Former NASA Administrator Michael Griffin has criticized NASA’s Artemis Program and called for a faster return to the Moon. In a hearing before the House Space and Aeronautics Subcommittee, Griffin expressed his concerns about the complexity and cost of the program, as well as the compromise to crew safety and the high mission risk. He argued that NASA should focus on getting back to the basics and returning to the Moon as quickly as possible to beat China’s competing lunar program.

Griffin outlined his plan for an accelerated lunar mission, which includes two launches of the Space Launch System Block II rocket, a Centaur III upper stage, an Orion spacecraft, and a two-stage lunar lander. According to Griffin, this approach could put US-led expeditions on the Moon by 2029. He proposed relying on Boeing, Lockheed Martin, and Northrop Grumman to achieve this goal.

However, there are significant challenges and uncertainties with Griffin’s plan. The independent Augustine Commission found that NASA’s human spaceflight program was on an unsustainable trajectory in 2009. The development of the Block I version of the Space Launch System took 12 years and $30 billion, making it unlikely that two upgraded Block II rockets would be ready by 2029. Additionally, the lunar lander has not been designed or funded, and past performance suggests it would take a decade and billions of dollars to develop.

Interestingly, Griffin was instrumental in launching the commercial space revolution during his tenure as NASA Administrator. He created the Commercial Orbital Transportation Services program, which funded the development of cargo spacecraft by SpaceX and Orbital Sciences. However, he has since turned against the commercial space industry and criticized NASA’s funding of companies. He believes that the assumption of leveraging commercial space for national purposes is flawed and not applicable to human spaceflight.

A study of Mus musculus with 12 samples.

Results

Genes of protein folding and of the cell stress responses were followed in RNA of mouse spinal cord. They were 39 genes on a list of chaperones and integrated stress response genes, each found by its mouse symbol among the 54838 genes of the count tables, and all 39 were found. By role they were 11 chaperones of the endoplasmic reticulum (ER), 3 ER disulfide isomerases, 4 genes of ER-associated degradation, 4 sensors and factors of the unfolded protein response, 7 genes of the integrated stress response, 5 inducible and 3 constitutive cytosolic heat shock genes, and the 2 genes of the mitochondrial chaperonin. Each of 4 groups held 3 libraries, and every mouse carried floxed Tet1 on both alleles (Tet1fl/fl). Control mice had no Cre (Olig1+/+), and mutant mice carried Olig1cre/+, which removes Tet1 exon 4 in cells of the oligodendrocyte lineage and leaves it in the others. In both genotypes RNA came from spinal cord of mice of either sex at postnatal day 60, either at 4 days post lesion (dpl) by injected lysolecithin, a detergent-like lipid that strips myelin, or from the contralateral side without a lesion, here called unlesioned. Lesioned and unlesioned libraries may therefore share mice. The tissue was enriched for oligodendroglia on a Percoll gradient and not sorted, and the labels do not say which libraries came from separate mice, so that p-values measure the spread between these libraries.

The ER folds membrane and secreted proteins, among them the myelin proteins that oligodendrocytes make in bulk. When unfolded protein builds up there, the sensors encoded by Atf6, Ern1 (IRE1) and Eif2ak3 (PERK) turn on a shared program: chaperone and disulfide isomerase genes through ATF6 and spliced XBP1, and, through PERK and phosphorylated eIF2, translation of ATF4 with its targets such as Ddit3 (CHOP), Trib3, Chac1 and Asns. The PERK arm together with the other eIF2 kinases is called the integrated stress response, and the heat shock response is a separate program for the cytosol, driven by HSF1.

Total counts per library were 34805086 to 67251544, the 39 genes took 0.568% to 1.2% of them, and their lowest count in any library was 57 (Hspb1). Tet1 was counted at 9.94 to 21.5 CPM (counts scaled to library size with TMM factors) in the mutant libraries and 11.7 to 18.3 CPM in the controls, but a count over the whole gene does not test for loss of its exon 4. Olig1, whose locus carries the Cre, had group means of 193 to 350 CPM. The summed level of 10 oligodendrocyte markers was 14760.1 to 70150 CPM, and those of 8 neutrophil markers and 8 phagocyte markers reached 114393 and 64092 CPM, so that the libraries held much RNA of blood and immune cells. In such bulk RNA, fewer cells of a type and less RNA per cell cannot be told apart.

As part of his plan, Griffin suggests terminating the contracts awarded to SpaceX and Blue Origin by NASA. He argues that continuing programs that will not achieve the desired goals distracts from what needs to be done and damages NASA’s reputation. However, this proposal is ironic considering that when the Constellation contracts were canceled in 2009, Griffin fought to pay termination costs to the contractors.

In contrast to Griffin’s plan, NASA’s current Artemis program aims to bring together traditional and commercial space industries in the United States. It also emphasizes international partnerships through the Artemis Accords. While there may be challenges and setbacks along the way, NASA, SpaceX, and Blue Origin are working towards a future of affordable spaceflight by developing reusable launchers, in-space refueling, and reusable spacecraft and landers.

Ultimately, the goal is to establish a permanent presence on the Moon and set the norms for lunar exploration. China’s potential mission to the Moon is unlikely to establish these norms with a single two-day mission. The nations that invest in sustained lunar exploration will be the ones to shape the future of space exploration.

In conclusion, while Griffin’s plan for a faster return to the Moon may seem appealing at first glance, it faces significant challenges and risks. NASA’s current Artemis program, with its focus on collaboration and sustainable exploration, offers a more promising path forward. By embracing commercial partnerships and looking towards the future of space exploration, NASA can establish a lasting presence on the Moon and pave the way for affordable spaceflight in the 21st century.